In my article “Why Is the Cuban Embargo Still in Place?” I pointed out the horrific suffering that U.S. officials have intentionally inflicted on the Cuban people for more than 50 years with their cruel and inhumane economic embargo.
But my article failed to point out another important aspect of the embargo: its destruction of the fundamental rights and liberties of the American people.
That’s what many Americans just don’t get: that the Cuban embargo has not only contributed to the destruction of the lives of the Cuban people, it simultaneously destroyed the freedom of the American people.
As the news media often reminds us, during the past couple of years U.S. officials have permitted Americans greater latitude in traveling to Cuba and spending money there.
The operative word is “permitted.” When someone is permitting someone else to do something, that isn’t freedom. Permission to go places is what slavery was about. Permission connotes a relationship between a master and his serf. Permission is what parents give their children.
A free man doesn’t need permission to travel anywhere. He doesn’t need permission to spend his money wherever he wants. A free man travels wherever he wants, and he spends his money wherever he wants.
Indeed, freedom of travel has long been recognized as one of the fundamental rights to which Thomas Jefferson was referring in the Declaration of Independence, where he observed that all men have been endowed by their Creator with certain unalienable rights.
U.S. officials understood that from the very beginning of the Cuban embargo. To avoid appearing as if they were destroying freedom of travel with their embargo, they never actually made it illegal for Americans to travel to Cuba. Instead, what they did was make it illegal for Americans to spend their money in Cuba.
How’s that for a picture of sheer hypocrisy? As a practical matter, making it a felony offense to spend money in Cuba made it impractical for Americans to travel there. But U.S. officials could piously insist that they weren’t destroying freedom of travel but instead simply making it illegal for Americans to spend their money in Cuba.
But, of course, as libertarians have long maintained, economic liberty is as fundamental a right as freedom of travel. Just as people have the fundamental right to travel to any country they want, they also have the fundamental right to spend their money when they get there. It’s their money, after all. Obviously, nullifying the right to spend their money nullifies their right to travel wherever they want.
And make no mistake about it: Throughout the Cold War, if an American citizen spent money in Cuba, U.S. officials would go after him with a vengeance, indicting him, prosecuting him for a federal offense, and upon conviction, incarcerating and fining him for daring to transgress against their embargo. And they still do it, notwithstanding the fact that the Cold War ended more than a quarter-century ago and notwithstanding the fact that it has become fairly clear that the communists, including those in Cuba, are not coming to get us and force us to memorize the Communist Manifesto.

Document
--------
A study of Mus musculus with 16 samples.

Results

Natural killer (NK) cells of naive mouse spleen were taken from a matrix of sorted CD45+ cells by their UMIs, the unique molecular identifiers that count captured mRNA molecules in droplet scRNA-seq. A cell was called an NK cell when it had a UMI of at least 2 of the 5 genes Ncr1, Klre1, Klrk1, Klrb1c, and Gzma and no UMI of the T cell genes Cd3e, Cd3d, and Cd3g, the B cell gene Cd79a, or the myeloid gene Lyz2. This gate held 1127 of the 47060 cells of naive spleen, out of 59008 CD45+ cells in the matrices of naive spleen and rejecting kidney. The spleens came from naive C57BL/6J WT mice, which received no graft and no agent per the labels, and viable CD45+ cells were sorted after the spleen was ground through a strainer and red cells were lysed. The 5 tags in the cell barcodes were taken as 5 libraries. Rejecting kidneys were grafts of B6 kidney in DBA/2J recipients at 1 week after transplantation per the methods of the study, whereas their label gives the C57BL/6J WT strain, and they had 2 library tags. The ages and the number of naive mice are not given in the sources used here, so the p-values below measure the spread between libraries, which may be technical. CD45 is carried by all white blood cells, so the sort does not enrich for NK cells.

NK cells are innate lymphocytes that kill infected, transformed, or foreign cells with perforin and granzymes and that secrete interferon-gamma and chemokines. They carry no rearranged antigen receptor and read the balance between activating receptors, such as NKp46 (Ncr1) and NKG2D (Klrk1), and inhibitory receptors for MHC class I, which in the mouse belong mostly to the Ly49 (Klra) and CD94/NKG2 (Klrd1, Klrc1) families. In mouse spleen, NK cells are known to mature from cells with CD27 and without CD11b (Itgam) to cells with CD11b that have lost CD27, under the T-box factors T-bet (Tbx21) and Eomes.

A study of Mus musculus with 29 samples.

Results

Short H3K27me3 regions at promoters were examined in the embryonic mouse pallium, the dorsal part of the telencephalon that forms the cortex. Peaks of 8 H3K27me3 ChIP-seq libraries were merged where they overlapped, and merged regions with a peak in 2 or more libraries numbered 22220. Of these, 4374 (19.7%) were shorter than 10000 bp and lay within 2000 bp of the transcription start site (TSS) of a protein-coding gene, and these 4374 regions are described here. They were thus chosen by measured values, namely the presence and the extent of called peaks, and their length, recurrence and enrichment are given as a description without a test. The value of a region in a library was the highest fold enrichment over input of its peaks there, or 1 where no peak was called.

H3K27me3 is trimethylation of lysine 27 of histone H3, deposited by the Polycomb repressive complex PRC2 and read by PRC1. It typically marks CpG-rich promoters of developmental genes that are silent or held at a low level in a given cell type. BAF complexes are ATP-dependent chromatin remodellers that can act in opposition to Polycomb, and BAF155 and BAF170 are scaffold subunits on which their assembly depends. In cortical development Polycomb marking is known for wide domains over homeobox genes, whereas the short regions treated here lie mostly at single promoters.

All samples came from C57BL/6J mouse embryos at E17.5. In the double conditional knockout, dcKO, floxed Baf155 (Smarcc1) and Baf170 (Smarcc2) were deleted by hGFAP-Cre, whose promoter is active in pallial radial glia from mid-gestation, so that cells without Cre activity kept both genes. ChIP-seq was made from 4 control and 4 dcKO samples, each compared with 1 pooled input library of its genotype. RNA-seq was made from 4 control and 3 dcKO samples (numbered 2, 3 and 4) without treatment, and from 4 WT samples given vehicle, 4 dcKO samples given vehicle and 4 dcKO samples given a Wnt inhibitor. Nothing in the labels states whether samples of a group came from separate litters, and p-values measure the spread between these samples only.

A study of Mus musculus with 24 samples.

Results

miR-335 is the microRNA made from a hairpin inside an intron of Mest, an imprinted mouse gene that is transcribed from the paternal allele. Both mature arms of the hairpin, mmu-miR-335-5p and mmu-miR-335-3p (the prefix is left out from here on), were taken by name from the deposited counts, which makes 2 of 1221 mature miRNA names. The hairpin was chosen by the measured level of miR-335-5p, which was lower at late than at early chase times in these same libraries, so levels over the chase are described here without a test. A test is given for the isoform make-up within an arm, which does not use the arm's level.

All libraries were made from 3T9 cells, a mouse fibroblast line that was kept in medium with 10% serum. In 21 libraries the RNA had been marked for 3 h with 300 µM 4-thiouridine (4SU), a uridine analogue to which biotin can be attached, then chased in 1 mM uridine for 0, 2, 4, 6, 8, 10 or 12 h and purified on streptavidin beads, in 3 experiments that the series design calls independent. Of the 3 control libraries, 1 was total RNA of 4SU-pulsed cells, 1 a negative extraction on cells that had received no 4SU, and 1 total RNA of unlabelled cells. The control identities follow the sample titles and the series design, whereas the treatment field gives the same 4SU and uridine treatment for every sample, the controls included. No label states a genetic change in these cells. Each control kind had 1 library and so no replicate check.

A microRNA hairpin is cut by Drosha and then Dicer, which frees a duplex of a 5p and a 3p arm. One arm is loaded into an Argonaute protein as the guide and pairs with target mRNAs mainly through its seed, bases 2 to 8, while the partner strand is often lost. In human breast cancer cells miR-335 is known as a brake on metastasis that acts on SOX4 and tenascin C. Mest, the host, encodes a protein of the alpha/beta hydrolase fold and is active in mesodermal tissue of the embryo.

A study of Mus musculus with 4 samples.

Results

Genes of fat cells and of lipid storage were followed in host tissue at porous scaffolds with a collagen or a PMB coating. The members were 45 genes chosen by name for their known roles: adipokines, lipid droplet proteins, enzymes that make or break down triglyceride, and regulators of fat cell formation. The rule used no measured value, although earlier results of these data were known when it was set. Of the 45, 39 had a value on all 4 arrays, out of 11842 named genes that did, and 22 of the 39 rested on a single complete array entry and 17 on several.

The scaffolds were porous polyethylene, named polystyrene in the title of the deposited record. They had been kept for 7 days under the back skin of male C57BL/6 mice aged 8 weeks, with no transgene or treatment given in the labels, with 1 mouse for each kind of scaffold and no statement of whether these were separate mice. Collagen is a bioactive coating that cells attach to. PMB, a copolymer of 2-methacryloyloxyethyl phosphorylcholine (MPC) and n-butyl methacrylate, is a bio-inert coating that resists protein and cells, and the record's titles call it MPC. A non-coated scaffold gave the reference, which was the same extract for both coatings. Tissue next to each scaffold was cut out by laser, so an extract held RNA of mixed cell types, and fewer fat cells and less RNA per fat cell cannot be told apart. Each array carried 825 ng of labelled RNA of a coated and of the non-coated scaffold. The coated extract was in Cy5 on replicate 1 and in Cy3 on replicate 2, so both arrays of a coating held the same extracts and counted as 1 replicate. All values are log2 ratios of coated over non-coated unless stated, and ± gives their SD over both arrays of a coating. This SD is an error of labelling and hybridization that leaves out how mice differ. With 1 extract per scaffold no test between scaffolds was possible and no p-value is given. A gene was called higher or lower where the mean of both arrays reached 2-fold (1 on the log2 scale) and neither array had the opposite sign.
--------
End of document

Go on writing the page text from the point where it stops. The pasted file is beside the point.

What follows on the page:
Given their extreme deference to the authority of the Cold War-era national-security establishment, few Americans ever gave any thought to the fact that their own government was destroying their freedom as part of a desperate Cold War effort to effect regime change against a country whose government never attacked the United States or even threatened to do so. Most everyone was too consumed with the fear of communism that the U.S. national-security establishment drummed into their heads from its inception in the latter part of the 1940s.
The biggest mistake America ever made was converting the federal government to a national-security state. Communist China is a national-security state. So was the Soviet Union. Same with North Korea and North Vietnam. The justification for this revolutionary change in America’s governmental system was that in order to defeat the communists in the Cold War, it was necessary for America to adopt their governmental structure, but just “temporarily.” But the change didn’t prove to be temporary, as we have seen. The conversion to a national-security state became permanent and, even worse, the national-security branch of the federal government became as powerful and destructive as President Eisenhower believed it would when he delivered his famous Farewell Address in which he warned of the dangers to our rights and freedoms at the hands of the military-industrial complex.
The continuation of the embargo against Cuba demonstrates perfectly the power of the national-security establishment within America’s federal governmental system. Despite the fact that Cuba has never aggressed against the United States, despite the fact that the Cold War ended more than 25 years ago, and despite the fact that almost 75 percent of the American people want the embargo ended, it continues. And so do the intentional infliction of economic suffering on the Cuban people and the destruction of American liberty.